Sunday, December 18, 2011
My friend, David, is such a terrific writer I could not resist posting another piece he wrote. (His is the immediate prior rough fractals guest post as well).
This one in response to my describing to him my experience this past week visiting old friends who recently moved near Yosemite in north central California to start a "community". By community I mean that they bought a large enough parcel (70 acres) to build a number of small houses which they are hoping friends and neighbors will do. The current main house will then serve as a central community center. Right now they are using the main house as a Bed and Breakfast for "seekers" - that is to say anyone who would like to spend a few days in a beautiful area to meditate and contemplate (and visit Yosemite). Having moved there 18 months ago many of the locals have joined in the pursuit. When I was there there were blessings before meals and regular group meetings. On Tuesday night ten neighbors came over and after a short meditation we discussed the topic of friendship. For some, the discussion was philosophical for others, personal. We have known each other for 40 years and despite our different paths our friendship has been sustained and when we spoke of that in the group there were a few moist eyes (mine among them).
Below is David's reaction to what I described. He is always smart and has a way of writing that makes neither too much nor too little of the subject matter. I wish I could do that - I always seem to ricochet between the two. (By way of background David is a public interest lawyer who works in health care).
"Sorry I couldn't respond sooner, but on this side of the moon I was preparing for a hearing that I did yesterday. I think I told you about it, surgeon who left his patient in the OR and, in another case, concocted his own stent and implanted it into his patient. Since I worked all last weekend preparing, I'm giving myself today off.
It's been irresistible to compare our respective experiences on the two different sides of the moon. I've been sunk to my eyes in the realm of bad motives and bad acts, the lies that cover them and the hard work it takes to reveal them. And, of course, what it does to me for that to be my work and the world I live in. Meanwhile, you're in a sunny garden world where the locals are trying to recreate Eden. To sharpen the contrast, I spent the morning watching a move called "Saint Misbehavin'," a lovely documentary about Wavy Gravy.
I have to fight against the notion that those folks out in the garden are good hearted Eloi, and I'm just a debased Morlock. In truth, I'd make a pretty bad hippie, although I'm far from immune to the attractions. After some consideration, I think the core difference between the two worlds is more scale than substance, the fact that one is large enough to require institutions and the other isn't and doesn't. I think it's as simple as this: big city, big needs (in this case, health needs), big and complex hospitals arise to serve the needs, norms and rules arise to make sure it's done right, fallible and otherwise imperfect humans contravene the rules and much ugliness ensues.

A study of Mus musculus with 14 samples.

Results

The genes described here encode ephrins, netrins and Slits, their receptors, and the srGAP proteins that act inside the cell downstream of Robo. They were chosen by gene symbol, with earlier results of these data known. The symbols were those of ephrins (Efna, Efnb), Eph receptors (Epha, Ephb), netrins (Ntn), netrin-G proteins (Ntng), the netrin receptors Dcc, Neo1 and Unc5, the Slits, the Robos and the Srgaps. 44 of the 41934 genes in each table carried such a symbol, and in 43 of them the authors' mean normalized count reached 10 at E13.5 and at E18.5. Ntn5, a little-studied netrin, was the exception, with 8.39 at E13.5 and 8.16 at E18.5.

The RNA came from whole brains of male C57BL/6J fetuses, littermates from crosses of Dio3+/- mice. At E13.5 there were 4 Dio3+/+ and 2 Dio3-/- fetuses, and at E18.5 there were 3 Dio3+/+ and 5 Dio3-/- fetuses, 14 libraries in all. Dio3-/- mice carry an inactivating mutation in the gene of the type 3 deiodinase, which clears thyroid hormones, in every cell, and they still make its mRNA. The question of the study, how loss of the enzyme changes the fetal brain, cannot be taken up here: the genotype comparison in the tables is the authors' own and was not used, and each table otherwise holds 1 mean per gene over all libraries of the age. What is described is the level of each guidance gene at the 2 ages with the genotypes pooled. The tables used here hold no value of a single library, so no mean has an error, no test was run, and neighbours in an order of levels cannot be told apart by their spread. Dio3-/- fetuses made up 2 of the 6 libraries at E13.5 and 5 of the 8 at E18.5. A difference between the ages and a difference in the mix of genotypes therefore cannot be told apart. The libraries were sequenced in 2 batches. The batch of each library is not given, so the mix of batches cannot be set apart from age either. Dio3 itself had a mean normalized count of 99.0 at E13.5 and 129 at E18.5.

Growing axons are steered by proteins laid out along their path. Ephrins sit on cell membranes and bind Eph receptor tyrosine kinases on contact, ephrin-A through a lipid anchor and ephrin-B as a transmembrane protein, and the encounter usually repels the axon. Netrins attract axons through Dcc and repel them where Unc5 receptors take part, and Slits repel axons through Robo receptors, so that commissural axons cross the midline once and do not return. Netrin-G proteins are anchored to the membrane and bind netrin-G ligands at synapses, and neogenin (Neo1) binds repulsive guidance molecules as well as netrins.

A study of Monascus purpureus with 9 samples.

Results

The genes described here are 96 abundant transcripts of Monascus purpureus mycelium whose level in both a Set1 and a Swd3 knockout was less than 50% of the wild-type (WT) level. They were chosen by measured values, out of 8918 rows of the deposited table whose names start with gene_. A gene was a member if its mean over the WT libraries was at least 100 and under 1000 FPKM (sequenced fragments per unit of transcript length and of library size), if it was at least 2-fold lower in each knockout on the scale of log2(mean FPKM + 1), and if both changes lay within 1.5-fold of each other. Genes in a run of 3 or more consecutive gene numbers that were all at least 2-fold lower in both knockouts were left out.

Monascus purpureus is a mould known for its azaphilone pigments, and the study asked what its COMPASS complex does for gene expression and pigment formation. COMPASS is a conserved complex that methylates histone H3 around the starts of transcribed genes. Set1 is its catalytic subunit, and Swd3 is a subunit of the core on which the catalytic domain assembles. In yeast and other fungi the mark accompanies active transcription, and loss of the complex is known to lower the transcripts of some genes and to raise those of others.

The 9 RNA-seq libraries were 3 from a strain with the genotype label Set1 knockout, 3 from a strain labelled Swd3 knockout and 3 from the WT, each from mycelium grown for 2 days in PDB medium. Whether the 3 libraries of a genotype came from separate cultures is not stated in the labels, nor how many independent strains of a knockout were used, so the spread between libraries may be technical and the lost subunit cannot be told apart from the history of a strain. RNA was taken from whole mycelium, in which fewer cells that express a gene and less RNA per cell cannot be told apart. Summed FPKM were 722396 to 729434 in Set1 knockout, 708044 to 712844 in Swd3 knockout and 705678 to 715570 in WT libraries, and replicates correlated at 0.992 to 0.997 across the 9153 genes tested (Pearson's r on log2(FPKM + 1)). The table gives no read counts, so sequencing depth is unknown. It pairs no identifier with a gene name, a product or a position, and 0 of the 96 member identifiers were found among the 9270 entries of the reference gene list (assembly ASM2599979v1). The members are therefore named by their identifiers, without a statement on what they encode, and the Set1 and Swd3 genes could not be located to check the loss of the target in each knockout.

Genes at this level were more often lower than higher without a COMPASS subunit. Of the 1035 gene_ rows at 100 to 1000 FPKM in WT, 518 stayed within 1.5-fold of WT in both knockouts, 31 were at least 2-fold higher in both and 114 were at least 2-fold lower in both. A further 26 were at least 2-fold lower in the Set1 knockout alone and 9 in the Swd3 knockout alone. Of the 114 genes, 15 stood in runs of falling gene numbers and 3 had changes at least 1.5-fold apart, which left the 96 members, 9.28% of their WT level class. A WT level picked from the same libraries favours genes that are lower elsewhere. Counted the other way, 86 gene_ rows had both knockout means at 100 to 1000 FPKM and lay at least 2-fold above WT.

All of that is at the "Duh" level of obviousness -- so why recite it? Well, part of it is defensiveness on my part. I want to show that there is some necessity for people to do the work I do and I'm not just a dope not to live in the garden. But it also helps me understand some resistance I feel to the tendency of at least some of the Gardeners (yes, let's call them that) to feel that they have hit on something of world transforming relevance. It's not just that they're making their world, but that they sometimes act like they are remaking The World. I see arrogance and lack of perspective in that attitude. If the underlying values have merit -- simplicity, generosity, tolerance, balance -- as they certainly do, it's fine to emphasize them. But even we Morlocks esteem those values, but we also know that they are only part of the prescription for living in a complex world.
Now, that I've justified my existence, I'll proceed on my Morlock way."
(I sent David's response to my friends who agreed with everything he wrote. Their choices are not about saving the world or even suggesting trying to. I think it is about questioning the paradigm for themselves, their friends and their community. Artists, scientists, social activists, inventors, innovators have always been outside. Someone's gotta do that.)
PS: On further thought about this, David added a post script wondering about the tendency to think that others' lives mean something about our own. That they stand as critiques or confirmations or something to be aspired to. Often taking the form of envy. I am not sure he is right about that. Envy seems to me to usually have a built in reservation, a bottom, bottom line belief that the choices we make are, despite our doubts and our envy of the conviction those we aspire to be like seem to hold, the best we could do. That might be denial or it might be honest but either way, there is something to the notion that we all are right where we need to be - that everyone is doing the best they can. Put another way, maybe there are no Eloi and Morlock, no "us" and "them". Not ever. Not deep down.